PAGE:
Fertilizer costs start September at their highest levels in a couple years, putting further pressure on margins for growers trying to book fall application supplies. With winter wheat and corn seedings on the rise for 2019 according to Farm Futures survey of planting intentions, U.S. demand could keep prices firm into October when they typically peak.
Ammonia usually follows urea, so it was no surprise when September contracts at the Gulf settled $18 higher last week at just under $300 a ton. That value translates to an average retail expense of $500 or more. Our average retail benchmark, based on prices before the September cost increase, actually dropped around $1 to $487. Costs vary widely, with most locations updating offer sheets for fall running between $460 and $505. That’s in with the usual $50 to $100 markup from the Midwest terminal price of $410, though those near plants in the Southwest were as low as $395.
Urea hit a three-year high on wholesale markets around the world thanks to high wheat prices overseas that are keeping demand strong. With China no longer a factor in the export market and supplies out of Iran uncertain due to U.S. sanctions, nitrogen is a sellers’ market that could get a further boost from another tender from leading importer India in early September. With hard red winter wheat acres expected to be up nearly 4% this fall, prices on the southwest Plains are robust, with new price lists running $350 to $415, putting our average for the week at $375, up nearly $10. Still, retail values may be playing catch-up to a wholesale market that finally showed signs of slowing its pace of increases a little. Values at the Gulf last week were up only $1 to $292, and swaps through winter don’t show much difference. Current costs translate into a potential retail expense around $405. Terminal costs upriver jumped sharply last week, with most around $320 as dealers try to get product in position in time.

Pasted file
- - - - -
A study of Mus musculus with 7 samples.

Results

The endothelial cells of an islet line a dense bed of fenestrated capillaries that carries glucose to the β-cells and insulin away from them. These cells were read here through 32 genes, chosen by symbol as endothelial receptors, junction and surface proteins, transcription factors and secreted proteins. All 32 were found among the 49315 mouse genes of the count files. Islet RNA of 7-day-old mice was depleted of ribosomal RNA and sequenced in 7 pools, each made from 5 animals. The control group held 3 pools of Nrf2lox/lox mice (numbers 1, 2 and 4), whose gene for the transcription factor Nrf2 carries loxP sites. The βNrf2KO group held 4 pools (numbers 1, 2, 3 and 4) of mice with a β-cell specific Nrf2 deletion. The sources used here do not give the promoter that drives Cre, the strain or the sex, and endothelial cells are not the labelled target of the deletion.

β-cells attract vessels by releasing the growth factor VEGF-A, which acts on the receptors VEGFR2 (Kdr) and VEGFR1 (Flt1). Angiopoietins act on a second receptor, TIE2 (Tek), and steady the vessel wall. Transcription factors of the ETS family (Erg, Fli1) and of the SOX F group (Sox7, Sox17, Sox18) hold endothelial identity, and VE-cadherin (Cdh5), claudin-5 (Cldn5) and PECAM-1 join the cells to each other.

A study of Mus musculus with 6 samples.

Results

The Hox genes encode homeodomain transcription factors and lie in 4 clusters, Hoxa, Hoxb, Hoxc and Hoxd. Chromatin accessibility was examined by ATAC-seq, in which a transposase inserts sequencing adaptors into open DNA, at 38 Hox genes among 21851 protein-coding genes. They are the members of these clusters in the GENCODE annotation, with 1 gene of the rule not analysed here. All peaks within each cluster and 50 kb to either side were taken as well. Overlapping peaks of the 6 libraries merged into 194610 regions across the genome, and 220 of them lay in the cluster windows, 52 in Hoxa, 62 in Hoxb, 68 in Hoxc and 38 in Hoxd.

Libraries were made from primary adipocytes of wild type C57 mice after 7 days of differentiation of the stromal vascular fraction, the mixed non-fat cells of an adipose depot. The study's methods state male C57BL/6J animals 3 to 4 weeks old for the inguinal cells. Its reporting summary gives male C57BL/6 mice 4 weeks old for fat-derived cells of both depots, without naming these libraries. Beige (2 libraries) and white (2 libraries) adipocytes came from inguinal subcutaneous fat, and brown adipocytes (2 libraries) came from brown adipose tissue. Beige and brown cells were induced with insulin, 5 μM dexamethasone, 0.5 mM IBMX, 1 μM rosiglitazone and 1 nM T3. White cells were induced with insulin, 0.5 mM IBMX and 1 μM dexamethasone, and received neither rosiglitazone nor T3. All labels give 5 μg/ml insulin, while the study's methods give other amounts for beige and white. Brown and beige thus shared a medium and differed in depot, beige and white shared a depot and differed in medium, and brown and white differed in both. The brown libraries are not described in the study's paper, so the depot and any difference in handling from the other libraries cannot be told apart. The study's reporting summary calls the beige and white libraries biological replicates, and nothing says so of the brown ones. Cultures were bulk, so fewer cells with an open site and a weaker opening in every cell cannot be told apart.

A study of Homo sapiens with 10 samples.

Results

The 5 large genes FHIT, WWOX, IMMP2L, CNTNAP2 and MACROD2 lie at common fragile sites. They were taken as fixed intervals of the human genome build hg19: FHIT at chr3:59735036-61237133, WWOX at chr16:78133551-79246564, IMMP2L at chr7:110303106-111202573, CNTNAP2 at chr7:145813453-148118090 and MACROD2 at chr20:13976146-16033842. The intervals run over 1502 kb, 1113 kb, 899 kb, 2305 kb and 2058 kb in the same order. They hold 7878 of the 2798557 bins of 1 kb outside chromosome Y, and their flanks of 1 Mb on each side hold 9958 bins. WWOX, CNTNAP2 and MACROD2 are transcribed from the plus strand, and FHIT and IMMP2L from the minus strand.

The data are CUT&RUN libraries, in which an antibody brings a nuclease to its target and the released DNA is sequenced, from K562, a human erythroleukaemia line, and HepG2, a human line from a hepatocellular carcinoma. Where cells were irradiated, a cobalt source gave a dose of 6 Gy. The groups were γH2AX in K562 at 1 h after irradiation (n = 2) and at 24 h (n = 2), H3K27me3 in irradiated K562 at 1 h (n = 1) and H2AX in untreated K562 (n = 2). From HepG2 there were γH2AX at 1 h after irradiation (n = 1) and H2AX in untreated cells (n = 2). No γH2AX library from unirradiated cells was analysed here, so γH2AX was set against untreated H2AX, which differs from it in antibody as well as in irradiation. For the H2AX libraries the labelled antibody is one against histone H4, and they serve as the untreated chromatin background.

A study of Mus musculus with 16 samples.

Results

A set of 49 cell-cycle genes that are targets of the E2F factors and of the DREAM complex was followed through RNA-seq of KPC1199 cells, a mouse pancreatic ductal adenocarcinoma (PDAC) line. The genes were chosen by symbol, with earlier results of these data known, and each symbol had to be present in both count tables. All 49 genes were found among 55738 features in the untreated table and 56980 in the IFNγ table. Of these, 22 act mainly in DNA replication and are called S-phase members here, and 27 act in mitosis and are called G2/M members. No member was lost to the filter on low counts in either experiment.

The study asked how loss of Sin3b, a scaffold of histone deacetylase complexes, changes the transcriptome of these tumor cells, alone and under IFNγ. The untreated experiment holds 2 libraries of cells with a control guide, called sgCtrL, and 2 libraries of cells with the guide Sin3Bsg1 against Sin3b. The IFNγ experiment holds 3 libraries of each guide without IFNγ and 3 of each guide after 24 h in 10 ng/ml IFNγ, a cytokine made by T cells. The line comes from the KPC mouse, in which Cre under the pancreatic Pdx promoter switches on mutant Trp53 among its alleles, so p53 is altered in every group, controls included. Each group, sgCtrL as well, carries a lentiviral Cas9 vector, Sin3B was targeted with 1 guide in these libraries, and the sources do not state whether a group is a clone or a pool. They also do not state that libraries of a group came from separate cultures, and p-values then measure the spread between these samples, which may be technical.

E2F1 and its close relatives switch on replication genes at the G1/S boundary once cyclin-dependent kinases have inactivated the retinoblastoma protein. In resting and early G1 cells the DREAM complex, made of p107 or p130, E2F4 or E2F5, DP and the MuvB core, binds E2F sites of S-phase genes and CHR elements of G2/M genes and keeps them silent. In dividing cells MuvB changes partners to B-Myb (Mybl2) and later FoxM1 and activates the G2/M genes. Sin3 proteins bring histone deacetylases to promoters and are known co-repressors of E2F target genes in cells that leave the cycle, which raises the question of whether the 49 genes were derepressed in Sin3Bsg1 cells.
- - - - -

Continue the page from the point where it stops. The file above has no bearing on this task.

UAN was quiet last week, but more price increases are likely in September when manufacturers get serious about selling. The cost of 32% at the Gulf rose $1.50 to $174, with October swaps at $198, which translates into a retail price for 28% around $275. That’s considerably above the current retail average of $247, though some new offer sheets are already up to $270.
Phosphates moved higher again last week, with the market affected by the rising expense for the nitrogen component of products and good demand. The cost of DAP at the Gulf jumped $5.50 to $416.50, its highest level in nearly three years. Retail values followed suit, rising nearly $4 to $504.75. Updated offer sheets are running around $480 to $535. Swaps for the rest of fall don’t show any increases yet, so the market may be due to catch its breath as dealers scurry to get shipments in position in time for fall application.
Potash looks like a fairly stable market right now, though average retail prices increased $3 last week to $356 as more locations posted fall offers. The Midwest terminal price was steady at $291, which could ultimately boost some prices to $380 this fall. So far, however, retail costs appear to be holding at $370 or less.